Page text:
The grandson sat across from his grandfather, listening intently as the

old man recited the Prayer of St. Francis of Assisi:

Lord, make me an instrument of your peace:

where there is hatred, let me sow love;

where there is injury, pardon;

where there is doubt, faith;

where there is despair, hope;

where there is darkness, light;

where there is sadness, joy.

O divine Master, grant that I may not so much seek

to be consoled as to console,

to be understood as to understand,

to be loved as to love.

For it is in giving that we receive,

it is in pardoning that we are pardoned,

and it is in dying that we are born to eternal life.

He had heard this prayer countless times before, but this time it felt different. The grandson couldn't help but wonder how could someone possibly become an "instrument of peace" in a world that seemed so full of hatred and violence.

"Grandpa," he asked, "how can we become God's instrument of love and

hope in a messy world that seems so full of hate and despair?"

The grandfather smiled and leaned back in his chair. "Grandson, you see, sometimes we get so caught up in the problems of the world that we forget about the people who have come before us and faced even greater struggles. People like Blessed John Paul the Second came of out Poland in Europe in the 1900s under communism, family dysfunctions, and alcoholism. Or like Saint Maria Goretti, who came out of Italy in 1902 and faced poverty and was tragically killed for her refusal to give in impurity. Or like Father Augustus Tolton, the first African American priest in the United States during a time of segregation."

The grandson sat in silence, taking in his grandfather's words.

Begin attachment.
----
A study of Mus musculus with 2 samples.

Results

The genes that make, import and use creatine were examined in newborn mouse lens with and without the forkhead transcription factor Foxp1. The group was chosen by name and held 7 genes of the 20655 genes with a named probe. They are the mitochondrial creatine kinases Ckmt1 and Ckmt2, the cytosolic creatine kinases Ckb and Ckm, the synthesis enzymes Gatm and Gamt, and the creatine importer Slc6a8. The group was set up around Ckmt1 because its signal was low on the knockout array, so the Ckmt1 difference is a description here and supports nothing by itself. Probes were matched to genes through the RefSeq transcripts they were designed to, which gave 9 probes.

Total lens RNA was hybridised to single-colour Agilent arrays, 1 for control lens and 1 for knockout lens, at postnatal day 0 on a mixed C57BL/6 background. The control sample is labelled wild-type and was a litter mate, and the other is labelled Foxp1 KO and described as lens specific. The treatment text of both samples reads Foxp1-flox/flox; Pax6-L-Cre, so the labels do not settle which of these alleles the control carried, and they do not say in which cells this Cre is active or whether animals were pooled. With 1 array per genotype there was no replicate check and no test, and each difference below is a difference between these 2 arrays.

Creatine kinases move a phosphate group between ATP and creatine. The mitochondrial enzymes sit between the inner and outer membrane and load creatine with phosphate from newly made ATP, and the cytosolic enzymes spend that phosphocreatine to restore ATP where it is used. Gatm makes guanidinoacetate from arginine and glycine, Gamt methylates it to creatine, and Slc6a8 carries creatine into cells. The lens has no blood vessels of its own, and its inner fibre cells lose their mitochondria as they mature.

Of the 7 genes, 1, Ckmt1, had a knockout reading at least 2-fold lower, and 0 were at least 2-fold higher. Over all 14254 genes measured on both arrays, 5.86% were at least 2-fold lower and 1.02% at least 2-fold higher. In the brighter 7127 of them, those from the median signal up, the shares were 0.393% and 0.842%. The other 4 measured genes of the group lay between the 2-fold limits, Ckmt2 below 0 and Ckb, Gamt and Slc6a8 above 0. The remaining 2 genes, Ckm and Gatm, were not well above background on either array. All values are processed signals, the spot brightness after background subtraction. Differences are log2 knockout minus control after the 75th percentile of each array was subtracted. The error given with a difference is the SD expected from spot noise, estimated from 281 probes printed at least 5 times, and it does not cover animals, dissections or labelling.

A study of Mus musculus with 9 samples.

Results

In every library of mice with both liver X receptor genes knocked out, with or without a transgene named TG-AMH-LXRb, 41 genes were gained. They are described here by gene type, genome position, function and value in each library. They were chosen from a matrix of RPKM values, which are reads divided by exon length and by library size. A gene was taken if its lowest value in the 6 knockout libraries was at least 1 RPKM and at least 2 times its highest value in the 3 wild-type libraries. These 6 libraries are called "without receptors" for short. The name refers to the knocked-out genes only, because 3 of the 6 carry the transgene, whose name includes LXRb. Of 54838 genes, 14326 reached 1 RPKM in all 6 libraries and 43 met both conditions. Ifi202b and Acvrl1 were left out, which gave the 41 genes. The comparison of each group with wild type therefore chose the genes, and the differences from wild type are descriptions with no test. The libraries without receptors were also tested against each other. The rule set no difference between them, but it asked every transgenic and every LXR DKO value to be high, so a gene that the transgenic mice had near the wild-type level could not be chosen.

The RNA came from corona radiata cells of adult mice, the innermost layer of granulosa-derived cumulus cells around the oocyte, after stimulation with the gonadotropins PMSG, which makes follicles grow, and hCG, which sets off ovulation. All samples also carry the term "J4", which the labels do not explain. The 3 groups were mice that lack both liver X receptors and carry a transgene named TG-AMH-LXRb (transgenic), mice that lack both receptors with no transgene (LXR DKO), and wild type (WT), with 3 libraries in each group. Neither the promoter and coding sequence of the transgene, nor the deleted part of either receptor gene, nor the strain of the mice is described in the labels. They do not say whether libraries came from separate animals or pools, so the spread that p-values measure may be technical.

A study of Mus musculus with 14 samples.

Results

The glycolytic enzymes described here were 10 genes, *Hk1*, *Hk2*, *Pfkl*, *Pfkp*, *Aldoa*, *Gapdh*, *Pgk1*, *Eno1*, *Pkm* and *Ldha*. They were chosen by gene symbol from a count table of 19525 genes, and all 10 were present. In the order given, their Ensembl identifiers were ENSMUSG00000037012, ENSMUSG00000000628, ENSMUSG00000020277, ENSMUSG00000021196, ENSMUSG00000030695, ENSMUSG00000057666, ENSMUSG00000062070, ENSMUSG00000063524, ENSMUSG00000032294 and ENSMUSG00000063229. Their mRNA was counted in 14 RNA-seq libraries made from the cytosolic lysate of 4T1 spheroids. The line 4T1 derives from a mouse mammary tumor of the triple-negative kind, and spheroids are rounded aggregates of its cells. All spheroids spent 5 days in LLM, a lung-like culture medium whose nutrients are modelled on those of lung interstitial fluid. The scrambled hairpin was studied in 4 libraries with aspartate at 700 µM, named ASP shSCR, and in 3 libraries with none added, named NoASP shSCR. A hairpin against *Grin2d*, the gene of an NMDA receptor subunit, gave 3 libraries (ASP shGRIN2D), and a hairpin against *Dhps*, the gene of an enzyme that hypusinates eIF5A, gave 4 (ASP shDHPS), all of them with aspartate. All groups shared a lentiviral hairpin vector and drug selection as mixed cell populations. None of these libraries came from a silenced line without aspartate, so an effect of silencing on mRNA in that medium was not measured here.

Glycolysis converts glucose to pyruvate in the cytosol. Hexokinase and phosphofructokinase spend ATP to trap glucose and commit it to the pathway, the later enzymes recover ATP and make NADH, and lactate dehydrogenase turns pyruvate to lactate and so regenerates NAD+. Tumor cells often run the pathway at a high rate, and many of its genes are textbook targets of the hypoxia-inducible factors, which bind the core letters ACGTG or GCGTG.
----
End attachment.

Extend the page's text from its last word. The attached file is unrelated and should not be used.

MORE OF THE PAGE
"You see, grandson, it's not about finding all the answers. It's about having faith and trusting in God, even when our human reasoning reaches its limit. It's about standing on the shoulders of giants, the saints who have come before us and faced their own struggles with grace and faith. We may not have all the answers, but we can trust that God has a plan for us. We must walk by faith, not by sight, and trust that God will guide us through the brokenness and hopelessness in our world."

The grandson looked up at his grandfather, feeling a sense of peace wash over him. He realized that the old man was right and that he too could become an instrument of peace, love, and hope in his own way.

"Grandpa," he said, "I understand now. I will try my best to become an instrument of God's peace, love, and hope, just like you and all the saints before me."

The grandfather smiled and patted his grandson's hand. "That's all I can ask for, grandson. And always remember, discipleship in God rises in the mix of brokenness and hopelessness so that He can brag about His glory through us."